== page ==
The Department of Energy (DOE) will provide nearly $300 million from the American Recovery and Reinvestment Act for 25 projects aimed at the development of alternative fuel vehicles, with a significant portion of the funding going towards compressed natural gas (CNG) and liquefied natural gas (LNG) projects, Secretary of Energy Steven Chu said Wednesday.
The projects, selected through DOE's Clean Cities program, will put more than 9,000 alternative fuel light, medium and heavy-duty vehicles on the road and establish 542 refueling locations for them across the country, Chu said.
The largest award, $15 million, will go to a state of Wisconsin project to deploy 502 alternative fuel and advanced technology vehicles in 119 public and private fleets in the state. The program includes plans to install 10 alternative fuel refueling sites, including two B-20 (a mixture of 20% of biodiesel and 80% diesel), one electric and seven CNG facilities.
The Kansas City, MO-based Metropolitan Energy Information Center will receive nearly $15 million to help build 27 alternative fuel stations, including 16 CNG, seven B-20/E-85 (a fuel containing a mixture of 85% ethanol and gasoline), one B-20 and three electric stations and deployment of 373 alternative fuel vehicles.
The Greater Long Island Clean Cities Coalition was awarded nearly $15 million for a project to deploy five CNG stations in Nassau and Suffolk counties in New York, while the New Jersey Clean Cities Coalition will use its nearly $15 million award to help pay for four new CNG fueling stations in the Garden State. The City of Chicago will receive nearly $15 million to for its plans to deploy 554 alternative fuel and hybrid electric vehicles and install 153 alternative fueling and electric vehicle charging stations around the city.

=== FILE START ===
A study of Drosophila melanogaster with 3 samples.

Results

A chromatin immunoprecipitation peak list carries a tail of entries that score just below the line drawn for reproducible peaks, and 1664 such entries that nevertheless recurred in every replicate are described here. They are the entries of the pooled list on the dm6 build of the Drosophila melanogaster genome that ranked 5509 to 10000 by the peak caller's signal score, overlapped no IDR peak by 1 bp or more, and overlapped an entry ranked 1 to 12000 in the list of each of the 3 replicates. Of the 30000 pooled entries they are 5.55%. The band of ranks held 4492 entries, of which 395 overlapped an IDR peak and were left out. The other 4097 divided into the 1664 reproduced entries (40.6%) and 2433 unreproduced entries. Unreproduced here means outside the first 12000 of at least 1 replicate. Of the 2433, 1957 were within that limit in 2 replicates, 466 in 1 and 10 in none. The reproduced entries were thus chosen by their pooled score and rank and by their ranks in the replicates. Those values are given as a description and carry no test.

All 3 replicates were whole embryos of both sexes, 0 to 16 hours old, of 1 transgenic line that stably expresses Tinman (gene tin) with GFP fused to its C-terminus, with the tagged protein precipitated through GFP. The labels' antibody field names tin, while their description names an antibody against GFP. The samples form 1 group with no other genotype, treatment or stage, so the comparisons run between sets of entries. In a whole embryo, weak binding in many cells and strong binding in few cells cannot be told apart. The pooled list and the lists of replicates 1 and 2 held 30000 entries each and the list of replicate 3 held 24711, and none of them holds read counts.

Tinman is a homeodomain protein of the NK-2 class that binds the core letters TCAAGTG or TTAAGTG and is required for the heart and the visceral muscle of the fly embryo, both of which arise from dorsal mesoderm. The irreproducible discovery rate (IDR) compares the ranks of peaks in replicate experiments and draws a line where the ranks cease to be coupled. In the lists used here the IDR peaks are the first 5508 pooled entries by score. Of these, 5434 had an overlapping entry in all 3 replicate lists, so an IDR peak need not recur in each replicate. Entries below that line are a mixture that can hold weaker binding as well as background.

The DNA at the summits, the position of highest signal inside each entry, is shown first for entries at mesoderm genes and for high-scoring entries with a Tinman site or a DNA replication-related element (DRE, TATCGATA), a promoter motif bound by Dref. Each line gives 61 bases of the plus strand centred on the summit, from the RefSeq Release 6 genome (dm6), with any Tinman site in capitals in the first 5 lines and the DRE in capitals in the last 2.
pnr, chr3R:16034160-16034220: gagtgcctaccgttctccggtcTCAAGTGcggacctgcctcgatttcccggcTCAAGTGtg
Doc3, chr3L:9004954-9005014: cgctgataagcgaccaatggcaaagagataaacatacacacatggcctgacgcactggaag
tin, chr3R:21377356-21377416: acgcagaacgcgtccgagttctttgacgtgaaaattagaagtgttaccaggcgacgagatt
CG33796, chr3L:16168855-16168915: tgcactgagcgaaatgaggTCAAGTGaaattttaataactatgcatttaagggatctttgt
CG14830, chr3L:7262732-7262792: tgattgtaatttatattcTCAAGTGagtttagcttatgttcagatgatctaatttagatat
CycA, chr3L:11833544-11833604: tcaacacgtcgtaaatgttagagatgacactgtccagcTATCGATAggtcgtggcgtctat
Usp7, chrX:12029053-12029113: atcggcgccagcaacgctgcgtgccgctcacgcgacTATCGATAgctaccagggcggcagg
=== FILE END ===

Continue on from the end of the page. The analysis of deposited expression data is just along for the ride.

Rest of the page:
Other projects selected by DOE will help expand the use of alternative fuel vehicles to create a regional sustainable market for renewable alternative fuels in the Puget Sound area of Washington, complete a long-planned regional liquefied natural gas LNG fueling corridor across the southwestern U.S., and deploy 262 heavy-duty LNG trucks and construct two LNG refueling stations in Southern California.
DOE's decision to fund the projects was applauded by the American Clean Skies Foundation (ACSF).
"As the DOE has recognized, American-produced clean-burning natural gas has a significant role to play in reducing carbon emissions as well as our unsafe dependence upon foreign oil," ACSF said."This funding will support development of natural gas vehicles and natural gas refueling stations, thereby leading to increased usage of natural gas as a transportation fuel in the coming years.
A report released last week by the Center for American Progress concluded that increased use of natural gas as a heavy-duty transportation fuel and as a substitute for coal in electricity generation is a key to breaking the United States' dependence on foreign oil and reducing greenhouse gas emissions (see related story).